Kenny Joe Johnson
Maus Park, Dubuque, IA Dubuque County
(Home Residence: New Liberty, IA)
Case No. 87-21572
DCI Case No. 8705013
October 10, 1987
The following case summary has been compiled from excerpts from the Dubuque Telegraph Herald’s article, “In Search of Kenny’s Killer,” published July 20, 2008, and written by TH Staff Writer Courtney Blanchard.
Dubuque County in Iowa
Dubuque in Dubuque County
Around 9 a.m. on Oct. 10, 1987, an elderly fisherman discovered 14-year-old Kenny Joe Johnson’s body near a floodgate in Dubuque’s isolated Maus Park. He was rolled in a 5-foot-by-9-foot piece of yellow-orange nylon carpet that had been dumped at the park, and an autopsy revealed he had been strangled by hand and sexually assaulted. He also had a small amount of alcohol in his system.
His black-and-gray ski jacket was partially off and covered his right arm, under which he wore a purple-and-gray sweatshirt. His underwear was pulled down around his mid-thighs, even though his blue jeans were pulled up and fastened over his briefs.
Following the murder, police implored anyone who knew anything about the case to step forward. Despite more than two decades of searching, police still haven’t been able to establish a clear picture of Johnson’s whereabouts in the two days leading up to his death. The case is a mystery, and the killer still could be at large.
The lanky, brown-eyed boy did not call Dubuque home. In his short life, he bounced around from school to school and lived in several different towns. He had behavioral problems, which likely stemmed from a learning disability that wasn’t always handled appropriately, said his sister, Crystal Licht, 37, of Davenport, Iowa, in a phone interview with the TH.
When he was in first grade, Kenny Joe’s teacher made him sit in the front row of class with a dunce cap on, Licht said. Throughout his life, he encountered impatient adults.
Teachers interviewed after his death recalled him as extremely hyperactive and impulsive. Some said he craved attention, others said he seemed sad.
The summer before he came to Dubuque, Johnson moved from Davenport to rural New Liberty, Iowa, with his mother. He channeled his attention on the farm’s horses and his behavior started to improve, Licht said.
The farm was the perfect place for the “outdoorsy” teen to begin to calm down and discover who he was, Licht said. But then he received an unexpected and abrupt court order to enroll in the Hillcrest Family Services program in Dubuque because of behavioral issues, she said without elaborating. He had no family there. He desperately wanted to stay in New Liberty with his mother and the horses, she said.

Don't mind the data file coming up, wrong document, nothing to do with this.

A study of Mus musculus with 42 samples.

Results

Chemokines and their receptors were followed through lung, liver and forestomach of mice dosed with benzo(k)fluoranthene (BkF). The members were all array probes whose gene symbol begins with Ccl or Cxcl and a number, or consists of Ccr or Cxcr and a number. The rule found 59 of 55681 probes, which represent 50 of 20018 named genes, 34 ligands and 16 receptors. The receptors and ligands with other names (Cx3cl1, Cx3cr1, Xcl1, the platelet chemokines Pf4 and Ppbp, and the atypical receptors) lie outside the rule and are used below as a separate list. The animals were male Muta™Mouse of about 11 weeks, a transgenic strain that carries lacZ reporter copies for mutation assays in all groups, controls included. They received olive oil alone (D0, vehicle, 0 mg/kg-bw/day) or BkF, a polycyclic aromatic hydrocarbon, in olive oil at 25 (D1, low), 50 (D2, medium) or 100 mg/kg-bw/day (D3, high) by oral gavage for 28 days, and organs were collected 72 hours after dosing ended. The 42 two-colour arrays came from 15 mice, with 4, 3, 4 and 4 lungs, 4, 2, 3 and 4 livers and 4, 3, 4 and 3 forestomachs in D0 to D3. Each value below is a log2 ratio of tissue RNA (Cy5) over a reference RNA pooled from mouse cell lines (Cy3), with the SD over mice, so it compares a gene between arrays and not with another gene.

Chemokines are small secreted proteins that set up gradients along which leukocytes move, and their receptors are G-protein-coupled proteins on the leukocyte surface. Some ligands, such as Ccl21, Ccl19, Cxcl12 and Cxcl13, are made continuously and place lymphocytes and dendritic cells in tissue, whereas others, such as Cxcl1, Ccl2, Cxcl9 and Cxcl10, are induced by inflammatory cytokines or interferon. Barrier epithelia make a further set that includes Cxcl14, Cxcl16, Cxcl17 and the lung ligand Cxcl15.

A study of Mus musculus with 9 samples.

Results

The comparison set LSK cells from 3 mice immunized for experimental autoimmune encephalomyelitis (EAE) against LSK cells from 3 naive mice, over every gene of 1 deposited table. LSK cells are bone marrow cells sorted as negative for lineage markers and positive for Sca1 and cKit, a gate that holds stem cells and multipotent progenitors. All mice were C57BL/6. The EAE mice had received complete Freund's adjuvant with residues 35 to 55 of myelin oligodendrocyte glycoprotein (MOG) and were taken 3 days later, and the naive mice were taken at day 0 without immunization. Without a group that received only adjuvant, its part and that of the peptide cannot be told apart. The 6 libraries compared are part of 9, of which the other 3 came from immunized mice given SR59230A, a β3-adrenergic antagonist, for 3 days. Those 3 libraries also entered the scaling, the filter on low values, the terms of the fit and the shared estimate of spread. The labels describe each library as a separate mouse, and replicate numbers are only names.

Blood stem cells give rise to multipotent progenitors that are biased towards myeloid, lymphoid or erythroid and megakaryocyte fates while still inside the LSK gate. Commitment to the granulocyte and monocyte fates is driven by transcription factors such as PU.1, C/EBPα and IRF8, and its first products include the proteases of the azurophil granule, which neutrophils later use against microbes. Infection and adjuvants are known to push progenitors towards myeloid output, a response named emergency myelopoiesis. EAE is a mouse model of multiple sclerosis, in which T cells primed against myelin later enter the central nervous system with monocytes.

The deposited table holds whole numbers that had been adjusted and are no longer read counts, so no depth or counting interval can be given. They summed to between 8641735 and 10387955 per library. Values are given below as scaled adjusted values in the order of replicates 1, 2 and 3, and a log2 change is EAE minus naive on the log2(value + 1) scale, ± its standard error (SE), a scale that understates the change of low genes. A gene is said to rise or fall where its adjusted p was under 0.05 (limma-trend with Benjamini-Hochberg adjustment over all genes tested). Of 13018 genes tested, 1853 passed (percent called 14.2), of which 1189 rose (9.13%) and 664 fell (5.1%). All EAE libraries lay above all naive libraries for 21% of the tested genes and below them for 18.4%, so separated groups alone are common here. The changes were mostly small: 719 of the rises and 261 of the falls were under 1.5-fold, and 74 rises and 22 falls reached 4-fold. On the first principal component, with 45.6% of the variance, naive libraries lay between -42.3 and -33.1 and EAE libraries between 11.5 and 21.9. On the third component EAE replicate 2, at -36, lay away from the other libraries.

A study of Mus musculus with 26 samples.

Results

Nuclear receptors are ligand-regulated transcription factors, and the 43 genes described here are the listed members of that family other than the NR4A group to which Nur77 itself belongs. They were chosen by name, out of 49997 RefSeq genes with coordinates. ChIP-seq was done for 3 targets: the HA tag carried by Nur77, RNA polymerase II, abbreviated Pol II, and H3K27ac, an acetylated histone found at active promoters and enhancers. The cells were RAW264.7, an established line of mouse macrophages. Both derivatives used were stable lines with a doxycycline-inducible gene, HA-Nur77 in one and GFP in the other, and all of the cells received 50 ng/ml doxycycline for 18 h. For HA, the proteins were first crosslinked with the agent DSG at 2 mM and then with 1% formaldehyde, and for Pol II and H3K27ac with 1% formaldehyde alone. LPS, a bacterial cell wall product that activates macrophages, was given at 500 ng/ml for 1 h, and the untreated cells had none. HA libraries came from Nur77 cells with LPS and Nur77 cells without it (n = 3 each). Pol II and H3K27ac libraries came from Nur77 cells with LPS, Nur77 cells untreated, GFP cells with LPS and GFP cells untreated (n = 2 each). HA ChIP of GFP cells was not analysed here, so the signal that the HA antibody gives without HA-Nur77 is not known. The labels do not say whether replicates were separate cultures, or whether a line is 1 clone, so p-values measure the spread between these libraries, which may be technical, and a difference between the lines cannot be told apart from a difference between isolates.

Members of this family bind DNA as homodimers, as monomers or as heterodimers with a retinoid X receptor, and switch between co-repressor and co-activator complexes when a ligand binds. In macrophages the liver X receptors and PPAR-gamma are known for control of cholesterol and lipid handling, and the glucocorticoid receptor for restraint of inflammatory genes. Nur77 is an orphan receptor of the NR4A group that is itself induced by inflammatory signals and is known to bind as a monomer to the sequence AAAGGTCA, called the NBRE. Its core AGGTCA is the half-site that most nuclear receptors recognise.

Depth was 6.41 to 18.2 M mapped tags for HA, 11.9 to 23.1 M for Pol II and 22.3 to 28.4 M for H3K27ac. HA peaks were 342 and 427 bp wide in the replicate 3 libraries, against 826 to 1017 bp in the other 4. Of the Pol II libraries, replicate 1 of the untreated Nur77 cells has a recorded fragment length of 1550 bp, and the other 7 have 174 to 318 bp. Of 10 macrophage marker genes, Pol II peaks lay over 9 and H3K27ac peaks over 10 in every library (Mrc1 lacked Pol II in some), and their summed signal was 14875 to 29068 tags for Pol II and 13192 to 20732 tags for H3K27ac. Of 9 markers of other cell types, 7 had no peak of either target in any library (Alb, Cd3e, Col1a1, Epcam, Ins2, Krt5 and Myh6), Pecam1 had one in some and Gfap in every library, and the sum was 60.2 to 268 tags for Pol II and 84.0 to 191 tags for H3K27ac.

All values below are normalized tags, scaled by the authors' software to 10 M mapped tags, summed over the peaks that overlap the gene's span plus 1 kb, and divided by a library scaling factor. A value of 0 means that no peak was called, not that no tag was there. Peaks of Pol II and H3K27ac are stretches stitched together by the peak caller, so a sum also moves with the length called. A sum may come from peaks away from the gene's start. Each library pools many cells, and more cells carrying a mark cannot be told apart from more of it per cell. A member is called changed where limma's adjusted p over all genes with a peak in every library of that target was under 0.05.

On Sept. 22, 1987, Johnson began his short stay at Hillcrest House, a residential treatment facility operated by Hillcrest Family Services. He started classes at Central Alternative High School in early October. A few days later, he got into a dispute with a teacher. Instead of going to the principal’s office, at 9:30 a.m. on Oct. 8, 1987, Johnson ran away. It was the third time he ran away in the two weeks he’d been in Dubuque.
It was also the last time he was seen alive.
The way his body and evidence of the assault was haphazardly disguised gave investigators insight into the personality of the killer.
In 1988, Steven Conlon, with the Iowa Division of Criminal Investigation, profiled the killer and speculated that he was a loner who had poor interpersonal relationship skills and had trouble making friends. Conlon theorized that even with antisocial tendencies, the killer had difficulty coping with the murder and probably told someone.
At the time, some Dubuque investigators thought the killer was a local person because the park is neither well-known nor easy to stumble upon by accident. Today, Dubuque Police Capt. Mark Dalsing said investigators still haven’t pinned down whether it was a local or someone passing through, perhaps on U.S. 61/151.
If anything, the passage of time has improved chances of police finding an exact DNA match with samples found on the body, Dalsing said. More than 20 years ago, investigators could only compare blood and fluid samples and deem them “similar,” he said. Now, those samples can be determined to be a nearly perfect match. DNA analysis has helped police rule out potential suspects over the years, he said.
One person who held a secret stepped forward 10 years ago and cleared the shroud of mystery around the origin of the carpet. After a story about the case ran in 1997, the owner of the carpet called police, which let investigators know that the killer found it at the park.
The case file takes up 30 binders and is the department’s largest open case. Over the years, fresh pairs of eyes have scanned it, hoping for a new lead or different perspective.
Dalsing now leads Dubuque’s criminal investigation unit, and he said there’s still an investigator assigned to it at all times — currently Cpl. Dwaine Prine. Licht keeps in close contact with the Police Department and Cpl. Rick Hanten, who worked the case from the beginning until he retired in 2003.
The case remains unsolved.
Copyright (c) Woodward Communications, Inc. 2008, All Rights Reserved.
When the DCI established a Cold Case Unit in 2009, Kenny Joe Johnson’s murder was one of approximately 150 cases listed on the Cold Case Unit’s new website as those the DCI hoped to solve using latest advancements in DNA technology. Although the Cold Case Unit closed down in December 2011 due to lack of funding, the DCI continues to investigate cases where they were making progress. They also follow up on any new leads provided in these cases.